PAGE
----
Writer: Bruce Robinson
Composer: Mike Oldfield & David Bedford
AFI Rank: -
BFI Rank: 100
The Killing Fields would be an exceptional movie for any Director. The fact that it was Roland Joffé's first makes it astonishing. He would follow it up in 1986 with the equally outstanding The Mission. He would later say that although he loved making them they were somewhat of an albatross around his neck. He was nominated for an Oscar, Directors Guild Award, BAFTA and a Golden Globe but took home none of them. There was some pretty stiff competition in Amadeus and Paris, Texas.
My aim in documenting my viewing of these critically acclaimed movies is not to review them but to hopefully persuade you to see them. I also personally believe there is nothing better than seeing a movie when you know absolutely nothing about it. No critical plot revealing trailers. This is especially hard for a film based on a true story, especially one so news worthy. If you are young enough that shouldn't be an issue here.
The screenplay itself was based on Sydney Schanberg's New York Times articles and he was awarded the Pulitzer Prize for his coverage of the fall of Cambodia to the Khmer Rouge in 1975. Those works and more were recently collected in a single volume, Beyond The Killing Fields. Bruce Robinson's next project was to write and direct Withnail & I, but more on that in another review.
|Sam Waterston and Haing S. Ngor|
Sam Waterston portrays Sydney with an incredible nervous energy that keeps up the tension throughout what could have easily become a very long and tedious movie. But the real standout is Haing S. Ngor as Dith Pran. A Cambodian and doctor turned actor, this was his first ever role and with it he became only the second non-professional actor and the first southeast asian to win an Oscar.
The Killing Fields is a british film, ranked 100 in the BFI's top 100 and not making either of the AFI's lists. Perhaps that is the only way this truly American story could really be told.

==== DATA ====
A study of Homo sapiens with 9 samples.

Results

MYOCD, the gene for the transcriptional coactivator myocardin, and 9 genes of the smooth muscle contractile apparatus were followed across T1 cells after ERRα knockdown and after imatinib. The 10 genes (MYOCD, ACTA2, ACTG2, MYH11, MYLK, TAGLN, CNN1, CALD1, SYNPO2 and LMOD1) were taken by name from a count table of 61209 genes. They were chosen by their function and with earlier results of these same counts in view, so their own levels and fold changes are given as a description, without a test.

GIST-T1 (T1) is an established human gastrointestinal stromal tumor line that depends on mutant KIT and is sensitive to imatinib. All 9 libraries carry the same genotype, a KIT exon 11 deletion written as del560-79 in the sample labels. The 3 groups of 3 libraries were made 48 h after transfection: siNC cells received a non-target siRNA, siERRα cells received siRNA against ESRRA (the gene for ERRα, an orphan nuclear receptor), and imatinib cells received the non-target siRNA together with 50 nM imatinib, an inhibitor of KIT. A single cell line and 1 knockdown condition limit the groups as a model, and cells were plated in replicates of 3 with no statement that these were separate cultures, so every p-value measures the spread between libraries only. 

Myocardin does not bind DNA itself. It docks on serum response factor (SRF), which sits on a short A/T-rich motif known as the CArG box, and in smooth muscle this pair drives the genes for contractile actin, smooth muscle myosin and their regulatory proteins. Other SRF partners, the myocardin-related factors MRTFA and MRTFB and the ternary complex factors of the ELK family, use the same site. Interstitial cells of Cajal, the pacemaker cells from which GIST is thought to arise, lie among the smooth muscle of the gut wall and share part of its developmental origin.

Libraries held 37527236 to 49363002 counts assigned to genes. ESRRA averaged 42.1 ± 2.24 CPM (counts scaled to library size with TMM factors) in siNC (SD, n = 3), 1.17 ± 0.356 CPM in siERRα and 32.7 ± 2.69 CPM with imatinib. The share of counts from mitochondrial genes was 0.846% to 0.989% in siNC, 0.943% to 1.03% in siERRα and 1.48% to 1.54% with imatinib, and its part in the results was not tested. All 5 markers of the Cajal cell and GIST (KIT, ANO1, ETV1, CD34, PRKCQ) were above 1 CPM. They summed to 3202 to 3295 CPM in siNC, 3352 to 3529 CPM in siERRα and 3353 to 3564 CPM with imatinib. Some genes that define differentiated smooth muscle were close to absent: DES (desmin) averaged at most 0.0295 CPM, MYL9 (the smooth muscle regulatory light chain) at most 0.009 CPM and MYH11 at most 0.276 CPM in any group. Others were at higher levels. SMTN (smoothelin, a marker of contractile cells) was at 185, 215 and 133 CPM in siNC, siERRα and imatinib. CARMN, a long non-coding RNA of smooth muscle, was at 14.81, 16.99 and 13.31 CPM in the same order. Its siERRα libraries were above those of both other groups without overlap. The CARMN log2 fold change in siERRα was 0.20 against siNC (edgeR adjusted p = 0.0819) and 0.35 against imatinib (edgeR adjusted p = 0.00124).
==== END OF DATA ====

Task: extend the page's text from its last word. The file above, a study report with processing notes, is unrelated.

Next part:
I was initially worried that the film had dated badly, especially during the opening with Mike Oldfield's synthesized soundtrack playing underneath but I needn't have worried. David Bedford's orchestration as the picture progresses helps keep The Killing Fields somewhat timeless, a rare achievement for many films of the 1980s. The only exception being the use of John Lennon's Imagine at the film's climax which very nearly descends into Hallmark Channel territory. That decision was named the lowest point of the year in Time Magazine's Cultural Highs and Lows of the Year.
Chris Menges cinematography is breathtaking and rightly earned him an Oscar. The sunset scene that graces the original poster is in itself worth the award. He had just come off of Local Hero and would join Roland on The Mission.
The film clocks in at potentially boredom inducing 141 minutes but the script defies that with a superb structure broken into acts that at times feel almost like separate movies. This is a film to be savored and deserves your full concentration. Put down the iPad or laptop.
At the time of writing The Killing Fields is only available on DVD in the UK and US. There is a Dutch Blu-ray available but it is not remastered and is poorly reviewed. I watched the film via Netflix streaming in HD. There was some noticeable artifacts which may have been caused by streaming rather than in the source, and without seeing the DVD I cannot recommend which is the better one to see. It is also available via Amazon On Demand. Ideally put the Blu-ray on your Amazon wishlist and wait for its inevitable release.
27 years later this is still a must see film, maybe even more so today for a new generation of viewers for whom the phrase "The Killing Fields" has no meaning.